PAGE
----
Search Engine Disclosure: Better, but Still Wanting

How forthcoming are search engines in disclosing their paid placement and paid inclusion policies? They’re better than they were a couple of years ago, but there’s still room for improvement, according to a prominent watchdog group.

Consumer WebWatch, a project of Consumers Union, the non-profit publisher of Consumer Reports, has been tracking search engine disclosure practices since the U.S. Federal Trade Commission issued a strongly worded letter of recommendation in July 2002.

Last year, Consumer WebWatch released the results of a study of typical web users, showing that although disclosure practices had improved since the FTC letter, users were still confused about search engine paid listings and paid inclusion practices.

This month, the organization released the results of a new study that employed four trained information professionals to evaluate disclosure practices of the 15 most popular search engines, as ranked by Nielsen//Net Ratings. The report was generally favorable, but noted that there are still some problematic areas.

“The bottom line in terms of paid placement is that all fifteen did better and are doing relatively well on paid placement, but none of the search engines were even close to being satisfactory on paid inclusion disclosure,” said Beau Brendler, director of Consumer WebWatch.

Among the key findings:

The majority of disclosure headings were difficult to spot. Eight of the 15 search engines tested labeled their paid search listings with headings that were both smaller and duller in color than the search results. Furthermore, with only three exceptions (Yahoo, AOL, Lycos), all search engines tested used tiny and faint fonts, such as light gray, for hyperlinks to disclosure pages.

Many disclosures were incomprehensible. Testers found that many disclosure statements were written to discourage reading. Many disclosures also seemed geared more toward advertisers than consumers and were peppered with jargon and trademarked names for various programs—particularly for paid inclusion—leaving some testers baffled and uncertain about what they had read.

Meta-search engines were “mega-offenders.” These services present results from several other engines and strip away all existing disclosures from those engines.

Most search engines exceeded paid placement guidelines. Ironically, Google was singled out for failing to provide an explanation of its paid placement programs apart from labels above Sponsored Links on result pages. Prior to the FTC letter, Google was considered a leader in the area of disclosure.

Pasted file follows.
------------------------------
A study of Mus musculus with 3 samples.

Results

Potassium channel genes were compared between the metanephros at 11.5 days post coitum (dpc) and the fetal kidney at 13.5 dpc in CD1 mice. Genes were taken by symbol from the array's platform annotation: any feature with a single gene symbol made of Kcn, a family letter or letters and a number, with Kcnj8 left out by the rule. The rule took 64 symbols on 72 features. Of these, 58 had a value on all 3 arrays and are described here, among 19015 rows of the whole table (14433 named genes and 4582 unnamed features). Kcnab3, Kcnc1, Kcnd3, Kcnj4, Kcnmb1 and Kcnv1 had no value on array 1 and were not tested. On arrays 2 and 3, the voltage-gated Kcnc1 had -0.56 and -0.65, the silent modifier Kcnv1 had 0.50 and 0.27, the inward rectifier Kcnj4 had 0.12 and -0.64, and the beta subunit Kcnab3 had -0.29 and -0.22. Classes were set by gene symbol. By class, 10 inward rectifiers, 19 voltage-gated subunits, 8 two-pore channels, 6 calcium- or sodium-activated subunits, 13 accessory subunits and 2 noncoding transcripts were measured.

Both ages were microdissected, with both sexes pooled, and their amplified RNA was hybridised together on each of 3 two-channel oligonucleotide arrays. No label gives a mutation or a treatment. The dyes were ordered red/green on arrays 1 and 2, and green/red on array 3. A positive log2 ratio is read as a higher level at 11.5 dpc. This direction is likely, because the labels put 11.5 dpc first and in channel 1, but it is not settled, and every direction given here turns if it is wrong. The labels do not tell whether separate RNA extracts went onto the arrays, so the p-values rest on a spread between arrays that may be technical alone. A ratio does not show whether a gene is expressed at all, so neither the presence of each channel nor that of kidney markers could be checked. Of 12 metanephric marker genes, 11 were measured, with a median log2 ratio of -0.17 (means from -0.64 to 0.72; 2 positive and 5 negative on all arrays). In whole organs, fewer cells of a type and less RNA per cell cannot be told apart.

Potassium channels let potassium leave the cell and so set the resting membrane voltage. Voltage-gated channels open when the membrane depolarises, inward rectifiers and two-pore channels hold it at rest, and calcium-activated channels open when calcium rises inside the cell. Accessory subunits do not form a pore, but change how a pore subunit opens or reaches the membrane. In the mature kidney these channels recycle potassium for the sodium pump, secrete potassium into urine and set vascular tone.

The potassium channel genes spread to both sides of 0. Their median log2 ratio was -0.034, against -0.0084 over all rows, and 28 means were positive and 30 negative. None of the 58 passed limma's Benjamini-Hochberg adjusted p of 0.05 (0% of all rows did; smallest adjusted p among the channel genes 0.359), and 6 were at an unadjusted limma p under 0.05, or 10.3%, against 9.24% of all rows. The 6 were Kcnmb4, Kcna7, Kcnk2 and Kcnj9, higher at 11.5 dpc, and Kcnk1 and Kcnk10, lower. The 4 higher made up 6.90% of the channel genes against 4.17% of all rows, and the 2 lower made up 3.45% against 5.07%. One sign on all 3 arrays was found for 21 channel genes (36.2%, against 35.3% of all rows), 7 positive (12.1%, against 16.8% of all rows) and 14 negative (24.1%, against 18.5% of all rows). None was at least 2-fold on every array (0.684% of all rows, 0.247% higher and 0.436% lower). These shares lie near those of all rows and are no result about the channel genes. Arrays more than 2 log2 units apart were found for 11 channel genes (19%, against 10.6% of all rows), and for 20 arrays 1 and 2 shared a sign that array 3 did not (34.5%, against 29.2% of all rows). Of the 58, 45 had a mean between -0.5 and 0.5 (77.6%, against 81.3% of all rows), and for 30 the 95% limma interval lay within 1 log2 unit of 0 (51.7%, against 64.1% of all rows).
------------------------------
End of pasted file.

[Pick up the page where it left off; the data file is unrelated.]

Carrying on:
The report also dinged Google (and several other engines) for failing to adequately disclose that it did not have a paid inclusion program. Some testers complained that even though Google has long touted the purity of its natural search results, it’s not easy to find information about Google’s paid inclusion policies on its web site.

“We would not say that Google is falling short,” said Jorgen J. Wouters, the author of the report. Rather, Consumer WebWatch is encouraging better and more specific disclosure, with less legalese, across the board.

“Frankly all of these engines are exceeding the FTC’s recommendations,” said Wouters.

In addition to making note of findings on each of the search engines covered, the report makes specific recommendations for improving disclosure practices.

“A lot of what we did recommend essentially echoes what the FTC recommended,” said Brendler. These recommendations include “making the disclosures visible, written in English, easy to understand and in language that’s not going to confuse [consumers”.”

While these are admirable goals, there are a few issues with the report that should be kept in mind. First, the actual ratings of each search engine are subjective evaluations from just four people, albeit people who are trained to evaluate the quality of information. As such, it’s not a comprehensive, statistically valid study of search engine disclosure practices.

It’s also important to note that while the report was released this month, the actual testing of the engines was done between April 28 and May 4, 2004. Since then, all of the search engines included in the report other than Yahoo have discontinued their paid inclusion programs. Many have also changed either search result pages, disclosure pages or both—in some cases improving disclosure.

Tomorrow I’ll take a closer look at the findings for each of the engines covered in the report. See Rating Search Engine Disclosure Practices to read on.

Want to discuss or comment on this story? Join the Rating Search Engine Disclosure discussion in the Search Engine Watch forums.